In both drawing and sculpture I’m interested in the depiction of gravity and weightlessness as both an operative and a disorienting force. I’m thinking about floating, sinking, rising, drifting, and the resulting fragility, disorientation, and instability.
This comment made by the New York-based artist Sarah Sze reveals much about her artistic intentions. She is interested in creating a physical and metaphysical experience through her complex yet lyrical assemblages of everyday materials. This exhibition presents her drawings, works on paper, and a series of new works that reflect not only her careful selection and placement of objects, but also her play between the boundaries of drawing and sculpture.
The exhibition features a new series of installations where issues of perspective and choreography—of how the observer moves through space—are shown to great effect. One element of Sze’s work that is rarely acknowledged is her preoccupation with perspective, in particular, the views that appear distant and close within the same picture plane, frequently seen in Chinese traditional scroll paintings. She has described this as an interest in scale shifts that result from the absence of a middle ground, or the transitional space that bridges the foreground and background. Sze creates views through the use of line, light, and the arrangement of materials, which lead the eye across her work, much like the composition of a drawing. Here, she has created a series of works that consider the line between two and three-dimensional space. Using the vertical format of a hanging scroll as a starting point, the works extend from the wall and are drawn to the floor as they examine illusionary space, perspective, and the representation of landscape.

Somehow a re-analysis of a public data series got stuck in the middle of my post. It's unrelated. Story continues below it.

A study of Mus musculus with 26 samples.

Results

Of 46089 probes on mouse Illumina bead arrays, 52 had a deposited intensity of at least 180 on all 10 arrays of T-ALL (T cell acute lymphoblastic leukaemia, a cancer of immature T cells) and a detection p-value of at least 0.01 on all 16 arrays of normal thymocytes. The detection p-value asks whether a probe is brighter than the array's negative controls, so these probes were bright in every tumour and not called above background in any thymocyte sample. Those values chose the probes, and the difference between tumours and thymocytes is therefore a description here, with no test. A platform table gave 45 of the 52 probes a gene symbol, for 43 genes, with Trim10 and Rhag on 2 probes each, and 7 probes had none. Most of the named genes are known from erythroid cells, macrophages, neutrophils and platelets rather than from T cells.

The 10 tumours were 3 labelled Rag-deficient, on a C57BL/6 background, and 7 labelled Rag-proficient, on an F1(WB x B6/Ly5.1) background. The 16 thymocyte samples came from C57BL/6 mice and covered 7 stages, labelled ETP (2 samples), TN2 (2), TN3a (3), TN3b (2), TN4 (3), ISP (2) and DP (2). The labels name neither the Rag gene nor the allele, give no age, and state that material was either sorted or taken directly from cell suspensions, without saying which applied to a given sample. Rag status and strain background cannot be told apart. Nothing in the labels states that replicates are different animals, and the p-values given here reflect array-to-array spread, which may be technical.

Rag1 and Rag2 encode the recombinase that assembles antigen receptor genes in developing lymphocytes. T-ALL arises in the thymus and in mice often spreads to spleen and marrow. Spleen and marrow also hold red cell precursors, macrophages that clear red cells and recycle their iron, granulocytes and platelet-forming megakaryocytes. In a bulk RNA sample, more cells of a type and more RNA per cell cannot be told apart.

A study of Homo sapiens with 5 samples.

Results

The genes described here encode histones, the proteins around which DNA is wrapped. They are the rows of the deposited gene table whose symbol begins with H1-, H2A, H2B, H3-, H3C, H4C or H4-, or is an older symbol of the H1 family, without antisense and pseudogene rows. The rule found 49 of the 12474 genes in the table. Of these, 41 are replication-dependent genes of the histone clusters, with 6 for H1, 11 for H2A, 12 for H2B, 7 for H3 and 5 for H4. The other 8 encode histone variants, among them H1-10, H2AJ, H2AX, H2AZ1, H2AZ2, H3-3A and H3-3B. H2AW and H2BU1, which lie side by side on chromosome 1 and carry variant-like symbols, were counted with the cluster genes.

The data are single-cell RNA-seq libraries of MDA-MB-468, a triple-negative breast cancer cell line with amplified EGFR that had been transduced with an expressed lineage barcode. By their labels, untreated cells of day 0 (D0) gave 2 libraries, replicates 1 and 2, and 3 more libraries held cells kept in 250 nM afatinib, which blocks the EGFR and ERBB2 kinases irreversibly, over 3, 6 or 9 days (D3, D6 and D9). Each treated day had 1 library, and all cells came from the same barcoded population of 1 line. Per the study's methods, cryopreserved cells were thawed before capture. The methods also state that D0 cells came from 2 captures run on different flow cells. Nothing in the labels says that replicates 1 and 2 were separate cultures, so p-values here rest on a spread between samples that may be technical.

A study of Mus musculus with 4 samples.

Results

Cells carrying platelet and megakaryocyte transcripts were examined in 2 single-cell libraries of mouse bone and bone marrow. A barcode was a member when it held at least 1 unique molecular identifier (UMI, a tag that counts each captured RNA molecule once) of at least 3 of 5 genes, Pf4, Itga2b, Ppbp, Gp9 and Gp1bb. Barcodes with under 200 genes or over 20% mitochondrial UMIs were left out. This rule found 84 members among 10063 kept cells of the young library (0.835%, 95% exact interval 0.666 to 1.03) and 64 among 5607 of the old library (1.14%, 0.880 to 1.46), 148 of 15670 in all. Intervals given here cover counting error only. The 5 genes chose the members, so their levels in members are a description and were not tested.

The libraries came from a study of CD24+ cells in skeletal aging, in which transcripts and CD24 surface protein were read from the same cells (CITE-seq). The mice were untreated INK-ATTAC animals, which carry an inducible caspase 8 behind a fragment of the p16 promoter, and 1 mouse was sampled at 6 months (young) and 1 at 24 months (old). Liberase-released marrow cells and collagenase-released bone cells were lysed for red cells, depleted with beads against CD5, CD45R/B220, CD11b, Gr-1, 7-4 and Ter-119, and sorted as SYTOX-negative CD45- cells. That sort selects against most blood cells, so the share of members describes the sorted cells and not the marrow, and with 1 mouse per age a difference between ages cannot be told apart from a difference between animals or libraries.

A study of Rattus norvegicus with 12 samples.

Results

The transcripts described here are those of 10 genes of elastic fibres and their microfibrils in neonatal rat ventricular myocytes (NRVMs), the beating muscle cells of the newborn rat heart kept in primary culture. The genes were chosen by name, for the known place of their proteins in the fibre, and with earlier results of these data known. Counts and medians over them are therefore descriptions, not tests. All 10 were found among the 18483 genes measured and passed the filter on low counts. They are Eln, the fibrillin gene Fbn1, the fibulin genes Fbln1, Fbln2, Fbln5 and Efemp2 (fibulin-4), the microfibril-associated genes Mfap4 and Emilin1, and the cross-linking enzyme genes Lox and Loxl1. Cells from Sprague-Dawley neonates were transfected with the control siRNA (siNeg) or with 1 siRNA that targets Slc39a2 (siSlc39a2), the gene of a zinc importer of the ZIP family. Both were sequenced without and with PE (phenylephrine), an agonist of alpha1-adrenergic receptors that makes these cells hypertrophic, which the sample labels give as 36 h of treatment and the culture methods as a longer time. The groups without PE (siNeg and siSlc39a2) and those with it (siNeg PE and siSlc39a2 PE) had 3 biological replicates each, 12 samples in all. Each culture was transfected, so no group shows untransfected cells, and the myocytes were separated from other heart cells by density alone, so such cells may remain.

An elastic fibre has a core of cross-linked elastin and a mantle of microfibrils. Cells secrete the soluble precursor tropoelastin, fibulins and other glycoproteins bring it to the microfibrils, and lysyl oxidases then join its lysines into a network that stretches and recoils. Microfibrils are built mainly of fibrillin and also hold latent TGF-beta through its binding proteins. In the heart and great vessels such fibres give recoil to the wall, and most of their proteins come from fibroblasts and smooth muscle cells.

Also on view is a selection of works on paper and drawings from 1996 to the present. Sze’s drawings nearly always comprise alternate views and perspectives in the same picture planes using simple lines. We are sometimes unsure of the view, whether we are looking out into the distance or observing something microscopic. Other works include prints that incorporate planes of color to complement the line compositions and provide depth, while her more recent works, such as Checks and Balances, feature collage techniques and a greater focus on blurring the line between drawing and the sculptural object.
This is an idealised video of the installation – each channel has been composited onto a still of the installation. Avoids screen reflections and other problems.